These days, the "buy local" crowd seems to have a stronger voice. I am gleeful about this for a variety of reasons, but it
is helpful to view some of their claims with a bit of skepticism. At least that is what economists should do.
Buying local certainly has the potential to boost the local economy. The spending on local goods and services recirculates
through the region, perhaps boosting local employment, wealth and income. This effect is the primary reason for much of the
buy-local sentiment that seems to be resurgent during this recession.
There is more smoke than fire to this issue, though. Almost no goods or services are dependent primarily on local inputs.
The biggest part of whatever we buy comes from somewhere else. And almost all spending leaks out of the local economy quickly,
whether it is for the fish at the local restaurant, gas at the local station, or coal that makes the electricity at the local
There is some danger to the buy-local movement, in protecting an underperforming firm. That is why the constitution specifically
forbids, in the interstate commerce clause, any law requiring local buying. In truth, that is not much of a problem in the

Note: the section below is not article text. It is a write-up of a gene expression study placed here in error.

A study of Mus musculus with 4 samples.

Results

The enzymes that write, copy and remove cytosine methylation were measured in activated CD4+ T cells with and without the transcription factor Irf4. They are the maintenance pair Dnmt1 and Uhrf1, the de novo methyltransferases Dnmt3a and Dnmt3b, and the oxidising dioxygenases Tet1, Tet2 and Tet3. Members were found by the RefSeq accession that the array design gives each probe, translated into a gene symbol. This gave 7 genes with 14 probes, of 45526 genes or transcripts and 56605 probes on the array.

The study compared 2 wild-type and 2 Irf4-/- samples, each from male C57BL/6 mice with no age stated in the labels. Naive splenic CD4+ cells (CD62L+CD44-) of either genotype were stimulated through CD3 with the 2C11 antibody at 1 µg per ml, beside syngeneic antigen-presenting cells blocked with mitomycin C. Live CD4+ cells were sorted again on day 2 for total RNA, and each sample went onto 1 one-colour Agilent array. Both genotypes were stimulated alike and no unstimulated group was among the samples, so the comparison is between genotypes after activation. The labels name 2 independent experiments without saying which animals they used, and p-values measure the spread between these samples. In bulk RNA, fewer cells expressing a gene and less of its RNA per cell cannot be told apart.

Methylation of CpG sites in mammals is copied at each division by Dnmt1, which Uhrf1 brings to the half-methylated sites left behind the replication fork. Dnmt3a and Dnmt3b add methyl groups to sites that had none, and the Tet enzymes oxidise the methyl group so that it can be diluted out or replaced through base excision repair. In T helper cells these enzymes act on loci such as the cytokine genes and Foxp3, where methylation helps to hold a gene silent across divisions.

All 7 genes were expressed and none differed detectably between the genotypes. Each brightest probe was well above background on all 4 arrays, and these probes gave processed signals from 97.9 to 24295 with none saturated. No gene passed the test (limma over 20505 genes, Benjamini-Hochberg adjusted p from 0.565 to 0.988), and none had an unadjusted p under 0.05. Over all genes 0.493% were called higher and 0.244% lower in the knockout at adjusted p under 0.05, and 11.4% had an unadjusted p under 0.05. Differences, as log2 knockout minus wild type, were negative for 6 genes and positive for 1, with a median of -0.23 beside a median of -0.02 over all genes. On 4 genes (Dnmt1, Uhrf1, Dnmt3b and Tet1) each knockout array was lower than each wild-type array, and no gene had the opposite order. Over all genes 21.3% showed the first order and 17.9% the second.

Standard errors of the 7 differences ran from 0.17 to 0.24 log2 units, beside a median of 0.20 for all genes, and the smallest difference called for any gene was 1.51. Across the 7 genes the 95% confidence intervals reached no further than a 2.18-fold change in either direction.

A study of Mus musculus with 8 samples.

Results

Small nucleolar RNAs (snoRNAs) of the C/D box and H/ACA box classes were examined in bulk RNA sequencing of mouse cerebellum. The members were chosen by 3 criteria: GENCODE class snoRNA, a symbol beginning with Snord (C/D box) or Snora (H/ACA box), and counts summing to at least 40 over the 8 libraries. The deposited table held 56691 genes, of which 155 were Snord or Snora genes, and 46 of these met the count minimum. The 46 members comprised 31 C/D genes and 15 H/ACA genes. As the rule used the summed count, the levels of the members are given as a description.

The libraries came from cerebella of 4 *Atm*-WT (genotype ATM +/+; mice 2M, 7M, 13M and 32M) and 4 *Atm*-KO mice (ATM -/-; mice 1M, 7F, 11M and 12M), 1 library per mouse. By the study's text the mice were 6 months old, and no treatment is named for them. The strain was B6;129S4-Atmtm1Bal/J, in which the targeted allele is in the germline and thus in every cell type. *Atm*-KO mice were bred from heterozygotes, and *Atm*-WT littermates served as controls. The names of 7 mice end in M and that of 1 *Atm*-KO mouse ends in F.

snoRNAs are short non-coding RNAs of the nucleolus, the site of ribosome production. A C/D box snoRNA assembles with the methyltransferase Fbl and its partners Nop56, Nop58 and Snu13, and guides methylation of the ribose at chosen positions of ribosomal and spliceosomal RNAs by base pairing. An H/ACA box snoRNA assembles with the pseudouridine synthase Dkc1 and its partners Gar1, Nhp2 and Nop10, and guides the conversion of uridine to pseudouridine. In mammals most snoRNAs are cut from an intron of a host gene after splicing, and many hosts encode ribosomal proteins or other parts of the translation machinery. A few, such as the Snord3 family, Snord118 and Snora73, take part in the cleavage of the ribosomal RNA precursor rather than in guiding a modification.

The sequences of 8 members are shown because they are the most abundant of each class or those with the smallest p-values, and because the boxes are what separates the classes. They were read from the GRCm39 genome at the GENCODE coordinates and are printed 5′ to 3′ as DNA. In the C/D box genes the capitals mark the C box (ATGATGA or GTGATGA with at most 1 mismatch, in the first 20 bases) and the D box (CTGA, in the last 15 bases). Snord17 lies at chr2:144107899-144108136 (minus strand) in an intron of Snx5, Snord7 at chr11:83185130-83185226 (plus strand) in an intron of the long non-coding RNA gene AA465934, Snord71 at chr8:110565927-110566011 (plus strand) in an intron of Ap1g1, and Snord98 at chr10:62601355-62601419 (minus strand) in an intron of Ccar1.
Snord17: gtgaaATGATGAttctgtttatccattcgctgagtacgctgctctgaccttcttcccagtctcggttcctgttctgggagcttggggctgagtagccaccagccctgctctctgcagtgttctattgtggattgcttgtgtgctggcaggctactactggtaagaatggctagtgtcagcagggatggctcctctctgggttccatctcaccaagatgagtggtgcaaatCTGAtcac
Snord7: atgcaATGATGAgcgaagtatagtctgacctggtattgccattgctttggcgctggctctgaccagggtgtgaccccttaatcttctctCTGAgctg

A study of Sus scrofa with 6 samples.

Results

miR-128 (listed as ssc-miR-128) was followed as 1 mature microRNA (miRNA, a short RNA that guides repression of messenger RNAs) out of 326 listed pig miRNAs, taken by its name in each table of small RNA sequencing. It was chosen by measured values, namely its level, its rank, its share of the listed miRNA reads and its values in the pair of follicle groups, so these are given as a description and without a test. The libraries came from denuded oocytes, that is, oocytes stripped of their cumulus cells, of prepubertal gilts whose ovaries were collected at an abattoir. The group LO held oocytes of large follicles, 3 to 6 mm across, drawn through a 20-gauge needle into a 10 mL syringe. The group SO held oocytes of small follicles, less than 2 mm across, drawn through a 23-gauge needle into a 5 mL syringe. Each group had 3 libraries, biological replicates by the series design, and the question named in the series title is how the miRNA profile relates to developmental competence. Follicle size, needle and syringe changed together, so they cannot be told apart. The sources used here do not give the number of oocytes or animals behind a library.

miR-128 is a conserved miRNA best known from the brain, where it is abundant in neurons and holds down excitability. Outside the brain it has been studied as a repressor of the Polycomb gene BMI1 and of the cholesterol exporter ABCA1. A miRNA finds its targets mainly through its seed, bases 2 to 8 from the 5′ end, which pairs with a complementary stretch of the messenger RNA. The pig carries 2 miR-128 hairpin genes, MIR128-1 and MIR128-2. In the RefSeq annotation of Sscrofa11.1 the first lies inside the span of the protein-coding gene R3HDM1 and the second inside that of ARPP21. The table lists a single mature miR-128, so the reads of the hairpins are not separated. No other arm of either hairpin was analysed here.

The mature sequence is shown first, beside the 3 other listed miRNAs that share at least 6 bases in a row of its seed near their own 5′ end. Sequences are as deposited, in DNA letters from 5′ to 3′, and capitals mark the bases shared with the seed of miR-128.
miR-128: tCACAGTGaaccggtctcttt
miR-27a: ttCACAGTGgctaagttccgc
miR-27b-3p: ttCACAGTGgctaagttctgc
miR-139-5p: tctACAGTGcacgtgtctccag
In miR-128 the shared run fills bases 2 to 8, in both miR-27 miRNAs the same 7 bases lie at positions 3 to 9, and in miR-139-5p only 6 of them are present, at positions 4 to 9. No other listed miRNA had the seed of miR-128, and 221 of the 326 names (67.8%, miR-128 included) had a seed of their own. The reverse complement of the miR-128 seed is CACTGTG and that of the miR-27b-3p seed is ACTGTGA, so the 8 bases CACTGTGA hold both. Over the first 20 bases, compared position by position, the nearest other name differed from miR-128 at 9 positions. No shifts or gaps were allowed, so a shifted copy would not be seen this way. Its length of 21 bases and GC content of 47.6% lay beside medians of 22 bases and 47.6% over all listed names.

United States today.
One thing the buy-local effort does not do is help the environment. This is especially true with agricultural produce. Since
total energy costs are the single biggest part of the cost of food, the place where it is produced probably has the lowest
energy costs—and therefore the smallest environmental impact.
For example, I often hear arguments about buying local food couched in environmental terms. The problem with this is that
the examples usually include only transportation costs for the item. The reality is that moving produce is far less costly
than raising, preserving and storing it.
It would be a pretty nice thing if buying local was really better for the environment than simply stopping by the local grocery
store. Sadly, it is just not true. In fact, growing and canning at home is probably far more detrimental to the environment
than buying canned foods. The food may taste better, but really, is there anyone out there who thinks their kitchen is as
energy-efficient as a canning factory?
The environmental claims of "buy local" are the fruits of poor thinking. The big boon to businesses of a buy-local campaign
is that it exposes them to the real crucible of performance. In the long run, only good businesses survive, whether or not
"buy local" is the mantra. The local restaurant is far more likely to heed the customer than the chain store. That’s how they
get good enough to open a couple of franchises.
So, the next time you are in Muncie at lunchtime and happen down Walnut Street, there’s a little place that serves the best
tomato bisque soup in the world. Stop by and try some. If you are lucky, it might even open a franchise in your hometown.
Hicks is director of the Center for Business and Economic Research at Ball State University. His column appears weekly. He
can be reached at email@example.com.